In Chinatown yesterday, the 26th Edition of Beat Swap Meet went down. It was a good day for Vinyl Record culture. The blistering Los Angeles heat didn’t seem to affect all the collectors and enthusiasts that made it out. Sellers kept their collections cool from warping with tarps, and buyers didn’t mind sweating it out while digging for treasures.
We thank everyone that made it out to the scratch session we hosted. Hopefully the weather for the next one will be more favorable. Beat Swap Meet is always a great event and good time. Always nice seeing our culture preserved and introduced to newer generations. If you didn’t make it down this time, see you at the next one!
Getting started at the scratch booth.
The homie and IDA world scratching champion DJ IQ came down to do a demo and spoke in a panel
Always nice seeing supporters
Legend Dj Mark Luv (Zulu Nation) always seen at the BSM in the scratch booth cutting , sharing knowledge, and cracking jokes
Dj MikeRawk mid headshell connection
Here’s a new track for your ears, This is the first video from Choosey’s upcoming release titled Left Field dropping on Dirty Science records Oct 14th, 2014. Our very own @sound_girrl is also featured in this video rocking our ICON FLORAL Racerback Tank.
Pay no attention to the actual shirt posted, only focus on its message. We are not trying to sell to you; we just want to take some time to speak on its message. Our La Riots design from our summer collection was released to serve as a reminder that injustice is still occurring constantly, and that we must open our eyes and realize that things haven’t improved. We wanted everyone to know that events like this can reoccur at anytime since the main problem has not been cured. It has only been hidden, and overlooked due to distractions we are given and fed constantly. Unfortunate and extremely sad, the recent events in Ferguson, Missouri are an example of the message we were trying get across to our supporters through our LA Riot concept. It only takes one spark to ignite the rage of a city. That rage then fuels the rest of the country as you may have seen. Rioting and destruction begins, following an appearance of martial law. The government is now forced to take responsibility and attempt to mend things. Note that we say, “mend”. The fix is only temporary. It’s like putting duck tape over a leaky hose. The hose will continue to leak again slowly, or eventually burst with too much pressure. We need to realize that nothing has been fully repaired. This is the state our country has been in for a very long time. The only way for things to improve is if justice is given regularly in situations big or small, and things like this are kept transparent. Nothing to hide, no blame, just people doing good for humanity rather than acting with ignorance and instilled hatred. Hopefully justice will be served and given to the nation, and most importantly to Michael Brown. When things settle, please continue to seek justice. Not by Rioting or violence, but from discussion and constant inquiry. Don’t accept what you are told, because most of the time they are not fully true.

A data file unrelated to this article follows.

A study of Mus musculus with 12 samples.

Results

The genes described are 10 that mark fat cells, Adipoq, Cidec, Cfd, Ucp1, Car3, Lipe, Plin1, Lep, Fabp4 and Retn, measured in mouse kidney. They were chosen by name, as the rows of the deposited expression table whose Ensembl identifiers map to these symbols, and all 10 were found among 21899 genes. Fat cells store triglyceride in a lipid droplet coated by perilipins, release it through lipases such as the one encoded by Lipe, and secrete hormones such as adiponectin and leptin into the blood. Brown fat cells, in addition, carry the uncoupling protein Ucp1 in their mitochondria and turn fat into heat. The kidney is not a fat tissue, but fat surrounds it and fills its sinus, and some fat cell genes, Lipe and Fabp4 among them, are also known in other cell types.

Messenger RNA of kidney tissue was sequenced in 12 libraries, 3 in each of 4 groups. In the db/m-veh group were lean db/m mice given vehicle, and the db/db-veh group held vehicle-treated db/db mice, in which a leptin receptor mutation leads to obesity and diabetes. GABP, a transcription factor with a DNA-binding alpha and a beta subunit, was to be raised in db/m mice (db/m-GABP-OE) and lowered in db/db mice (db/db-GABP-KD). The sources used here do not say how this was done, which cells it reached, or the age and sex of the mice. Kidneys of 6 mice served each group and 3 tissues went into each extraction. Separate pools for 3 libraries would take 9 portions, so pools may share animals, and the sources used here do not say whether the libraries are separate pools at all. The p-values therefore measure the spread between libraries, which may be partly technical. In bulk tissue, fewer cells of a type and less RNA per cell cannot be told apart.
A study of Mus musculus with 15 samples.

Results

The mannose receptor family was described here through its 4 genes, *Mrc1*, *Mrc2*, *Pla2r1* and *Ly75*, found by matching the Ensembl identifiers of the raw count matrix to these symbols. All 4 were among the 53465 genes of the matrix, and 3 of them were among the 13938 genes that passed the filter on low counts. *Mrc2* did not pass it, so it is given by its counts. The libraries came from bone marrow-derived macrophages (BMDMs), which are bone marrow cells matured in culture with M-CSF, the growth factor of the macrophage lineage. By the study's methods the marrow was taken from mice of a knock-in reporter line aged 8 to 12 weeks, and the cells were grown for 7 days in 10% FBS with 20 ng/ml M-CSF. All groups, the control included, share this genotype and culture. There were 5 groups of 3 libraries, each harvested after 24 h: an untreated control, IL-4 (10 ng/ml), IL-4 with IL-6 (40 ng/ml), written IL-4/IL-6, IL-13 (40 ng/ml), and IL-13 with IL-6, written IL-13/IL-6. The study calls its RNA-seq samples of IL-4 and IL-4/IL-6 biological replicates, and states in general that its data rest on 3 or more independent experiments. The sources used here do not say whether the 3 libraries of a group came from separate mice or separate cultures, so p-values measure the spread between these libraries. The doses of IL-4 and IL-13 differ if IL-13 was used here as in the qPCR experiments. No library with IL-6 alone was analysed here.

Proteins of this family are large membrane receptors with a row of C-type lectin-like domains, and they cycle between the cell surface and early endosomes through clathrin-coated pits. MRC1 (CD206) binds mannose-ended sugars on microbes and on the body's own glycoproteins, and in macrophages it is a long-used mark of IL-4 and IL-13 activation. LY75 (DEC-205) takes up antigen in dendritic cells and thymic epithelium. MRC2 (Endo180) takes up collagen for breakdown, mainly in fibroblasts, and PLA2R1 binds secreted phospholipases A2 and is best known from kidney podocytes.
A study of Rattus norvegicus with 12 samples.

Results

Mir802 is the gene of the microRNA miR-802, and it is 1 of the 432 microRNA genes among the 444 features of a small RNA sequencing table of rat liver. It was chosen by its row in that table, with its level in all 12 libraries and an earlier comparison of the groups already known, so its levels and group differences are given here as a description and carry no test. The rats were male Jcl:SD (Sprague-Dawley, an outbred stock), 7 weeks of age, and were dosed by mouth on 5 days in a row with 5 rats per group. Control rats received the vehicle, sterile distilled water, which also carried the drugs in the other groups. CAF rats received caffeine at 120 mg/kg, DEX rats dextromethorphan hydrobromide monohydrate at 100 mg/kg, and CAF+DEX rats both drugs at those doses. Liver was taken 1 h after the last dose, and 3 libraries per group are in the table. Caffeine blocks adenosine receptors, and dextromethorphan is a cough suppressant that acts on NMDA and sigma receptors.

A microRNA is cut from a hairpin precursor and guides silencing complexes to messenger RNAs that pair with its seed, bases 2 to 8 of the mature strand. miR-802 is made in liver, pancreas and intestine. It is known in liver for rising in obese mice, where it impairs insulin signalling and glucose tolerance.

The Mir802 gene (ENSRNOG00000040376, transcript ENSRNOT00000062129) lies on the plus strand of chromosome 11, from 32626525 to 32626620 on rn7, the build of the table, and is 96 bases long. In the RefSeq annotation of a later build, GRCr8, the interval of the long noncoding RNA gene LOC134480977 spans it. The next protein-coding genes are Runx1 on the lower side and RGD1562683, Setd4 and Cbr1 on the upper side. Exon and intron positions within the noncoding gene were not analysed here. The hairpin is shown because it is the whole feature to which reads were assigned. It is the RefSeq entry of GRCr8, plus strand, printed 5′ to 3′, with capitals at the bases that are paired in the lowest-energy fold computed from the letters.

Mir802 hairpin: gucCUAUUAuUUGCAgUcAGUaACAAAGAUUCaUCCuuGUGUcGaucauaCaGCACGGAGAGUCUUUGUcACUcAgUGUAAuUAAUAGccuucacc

#justice #ferguson #michaelbrown #seektruth #seekjustice #truth #itsbiggerthanyou #wakeupworld #acrylick #pursuethetruth
Zero Freitas, 62, a wealthy Brazilian businessman who’s spent his life collecting several million vinyl records, recently shared his story with The New York Times. Freitas has bought records from some of the world’s biggest collectors such as former music-store owner Paul Mawhinneyand renowned West Coast collector Murray Gershenz.
“I’ve gone to therapy for 40 years to try to explain this to myself,” said Freitas who suggests his obsession is tied to childhood memories of his father playing records. Freitas bought his first record as an adolescent in 1964, and by the time he finished high school he owned around 3,000 records. After he graduated from studying music composition in college, Freitas took over the family business — a private bus line that serves the Sao Paulo suburbs — and at age 30 had about 30,000 records. 10 years later, the bus company prospered and made him rich. Around that time, Freitas split up with his wife and that’s when his buying habits escalated, soon adding six figures to his collection. “Maybe it’s because I was alone,” Freitas said.
Freitas now has a team of international scouts in South Africa, Nigeria, Cairo, New York and Mexico City, all of whom represent his mainstay, negotiating deals and shipping records back to Brazil every month. Alongside a dedicated team of interns who help catalog his ample collection,Freitas has began to set up the Emporium Musical — a non-profit organization and music library that digitalizes as much of the collection as possible. Head to the New York Times to read the full article.